Launching a small business is OVERWHELMING. There is no getting around it. It is exciting and stressful, and you are mostly fuelled by adrenaline and coffee [oh coffee, sweet coffee] until there comes a point where exhaustion and potentially a crash takes place. There is SO much to do that unless you have a plan in place, you are likely to become distracted or dare we go there, you may even drop the ball!
Adore has compiled 7 tips on how to survive the whirlwind launch phase of your business.
- Passion. Launching your small business is one of the most exciting times! Whether you’re building and shaping your future, or launching your passion project, that passion is what drives and motivates you to keep going when you don’t have the answers or you’re nearly burnt out [because yes, burn out will most likely happen]. You must have passion for what you’re doing. If you are not passionate, get out now!
- Avoid Burnout. You are throwing everything you have at this business, every spare minute, even between the hours of 12am and 3am and unless your launch happens in super-fast, lightning speed time, you can’t keep this pace up. You have other commitments in your life: be it a partner, kids, or you may even still be working as an employee, things you can’t put on hold, areas of your life that still need the same attention as prior to your wonderful business idea. With all this going on, you could definitely burnout, and when you are launching your small business, burnout can have dire effects… like mandatory bed rest which ultimately means delaying your launch. It is so important to take care of yourself, take some time out and actually sleep so you can remain switched on and have fresh ideas when you are working on the business.
- Personal Rewards. Following on from more sleep you need to do something for you, set aside a snippet of time just for you. This is not only important during the launch phase of your business but also during start-up phase and for life in general. If you are a busy mum this is particularly important. You can set rewards for yourself along the way. Not only will small rewards keep you motivated but they will also keep you focussed and give a sense of achievement. For example, once you’ve finished that blog post, get outside and go for a walk [a personal favourite], or, if you complete your first accounting software training session, hoorah, book that pedi appointment. Doing something for you and keeping healthy will keep it all in perspective.
- Goal setting. With so much to do when you’re heading towards a launch, you’ll need to set a plan and goals, especially if you have a launch date in mind. Even if you don’t hit your goal date at least you will have direction and something to aim for. Set yourself tasks and estimate how long it will take for you to carry them out and then you can set a date. It will help you immensely if you plan each day of work to ensure you’re maximising your time. Break up your day into 30-minute slots and allocate tasks, even if a task is 2 hours. You will be able to put aside that time and not forget a 30-minute lunch break to regroup and refresh your golden self.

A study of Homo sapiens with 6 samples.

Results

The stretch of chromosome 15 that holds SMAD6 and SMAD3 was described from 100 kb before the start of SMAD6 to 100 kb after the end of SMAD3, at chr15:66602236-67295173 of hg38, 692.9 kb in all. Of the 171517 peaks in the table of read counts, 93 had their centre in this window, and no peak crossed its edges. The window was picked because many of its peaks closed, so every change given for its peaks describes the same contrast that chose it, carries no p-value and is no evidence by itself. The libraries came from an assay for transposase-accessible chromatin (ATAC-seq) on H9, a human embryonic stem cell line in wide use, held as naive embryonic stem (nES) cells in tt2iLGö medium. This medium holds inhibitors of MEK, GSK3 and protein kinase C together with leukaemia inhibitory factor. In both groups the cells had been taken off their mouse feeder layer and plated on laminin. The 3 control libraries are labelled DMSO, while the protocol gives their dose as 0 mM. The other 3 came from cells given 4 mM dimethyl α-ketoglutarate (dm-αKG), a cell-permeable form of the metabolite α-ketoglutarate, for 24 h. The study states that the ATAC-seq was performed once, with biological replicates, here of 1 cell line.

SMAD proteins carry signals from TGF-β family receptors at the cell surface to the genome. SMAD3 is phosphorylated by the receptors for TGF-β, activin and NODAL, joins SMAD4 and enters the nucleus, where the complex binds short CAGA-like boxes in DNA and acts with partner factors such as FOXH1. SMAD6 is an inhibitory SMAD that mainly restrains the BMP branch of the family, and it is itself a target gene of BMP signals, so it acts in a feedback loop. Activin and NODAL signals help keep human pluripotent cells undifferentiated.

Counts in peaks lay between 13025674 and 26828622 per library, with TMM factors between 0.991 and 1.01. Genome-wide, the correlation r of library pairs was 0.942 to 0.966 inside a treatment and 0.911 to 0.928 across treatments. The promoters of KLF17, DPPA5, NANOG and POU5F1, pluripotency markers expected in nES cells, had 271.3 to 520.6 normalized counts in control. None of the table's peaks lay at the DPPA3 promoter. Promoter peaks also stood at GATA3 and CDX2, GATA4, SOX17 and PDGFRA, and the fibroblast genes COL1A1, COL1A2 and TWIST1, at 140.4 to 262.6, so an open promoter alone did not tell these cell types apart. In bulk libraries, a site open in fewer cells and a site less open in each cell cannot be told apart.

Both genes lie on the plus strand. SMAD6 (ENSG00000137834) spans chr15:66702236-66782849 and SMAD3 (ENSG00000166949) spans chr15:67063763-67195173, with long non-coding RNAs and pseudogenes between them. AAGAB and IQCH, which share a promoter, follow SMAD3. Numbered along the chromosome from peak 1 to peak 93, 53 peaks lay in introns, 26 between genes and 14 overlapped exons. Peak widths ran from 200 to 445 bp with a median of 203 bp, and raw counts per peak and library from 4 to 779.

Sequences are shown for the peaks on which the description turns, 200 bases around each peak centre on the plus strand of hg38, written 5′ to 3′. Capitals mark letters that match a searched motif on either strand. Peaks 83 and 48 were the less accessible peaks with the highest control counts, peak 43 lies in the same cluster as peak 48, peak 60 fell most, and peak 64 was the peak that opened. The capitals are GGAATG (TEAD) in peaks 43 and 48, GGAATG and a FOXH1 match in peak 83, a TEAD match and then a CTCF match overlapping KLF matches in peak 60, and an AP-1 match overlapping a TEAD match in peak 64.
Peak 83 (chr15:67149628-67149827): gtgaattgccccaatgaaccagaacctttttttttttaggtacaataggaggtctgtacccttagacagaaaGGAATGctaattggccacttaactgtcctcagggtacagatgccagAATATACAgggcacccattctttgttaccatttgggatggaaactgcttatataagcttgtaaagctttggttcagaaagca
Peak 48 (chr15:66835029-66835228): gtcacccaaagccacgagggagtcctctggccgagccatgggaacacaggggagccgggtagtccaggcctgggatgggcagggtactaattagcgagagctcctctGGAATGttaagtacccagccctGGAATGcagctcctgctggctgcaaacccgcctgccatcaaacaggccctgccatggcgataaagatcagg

- Business plans. Time, or lack of, is a major issue when launching a small business. It comes up in nearly every tip listed so far! Business plans can take a considerable amount of time to prepare, however you need to at least get your ideas on paper and follow a direction. Consider using a one page business plan – it saves time but gets your ideas on paper in 20 minutes! It’s something you could even put up on a white board and review it as often as you need to. Try this 20 minute business plan.
- Join communities. When you’re launching a business on your own it can be a very lonely affair. You are deep in it but where is your go-to work buddy to bounce ideas off? This is where groups become important, there are all sorts of groups online, from freelance groups to online digital communities, start-up groups and mum groups. Some of these groups meet regularly or you can keep it online, whatever suits you. Online communities are ideal to keep you motivated, test ideas and stay inspired, seeing fellow entrepreneurs reaching for their goals. If online isn’t your thing [but let’s face it, if you are starting a business you’re most likely going to have to tackle online at some point] you could look at joining a local networking group, some meet bi-weekly and some monthly. There might even be a future business partner there for you to meet. Alternatively, you could approach someone to be your mentor, someone you think could be a good sounding board and give you tips along the way. A mentor is a strong relationship to have, while it should be about work it should also be about a friendship too, so don’t abuse the time that someone is willing to give you for free. Whichever way you proceed, the support of a community, your tribe, will be invaluable as you travel this journey of being a small business owner.
- Don’t listen to everyone. When you announce your business idea there are going to be people who suddenly become experts in your area and give their 10 cents worth. Whether it’s old Aunty Betty or your nosey neighbour, everyone will have something to say. So be careful who you choose to discuss your idea with and don’t listen to everyone’s advice. Like anything, you will get overwhelmed with people’s opinions and start to have self-doubt. Pick 2 or 3 key people you can discuss the concept or ideas with – people in different areas that you can draw on their expertise. That way you can still stay focused and not let that entrepreneurial mind stray in too many directions!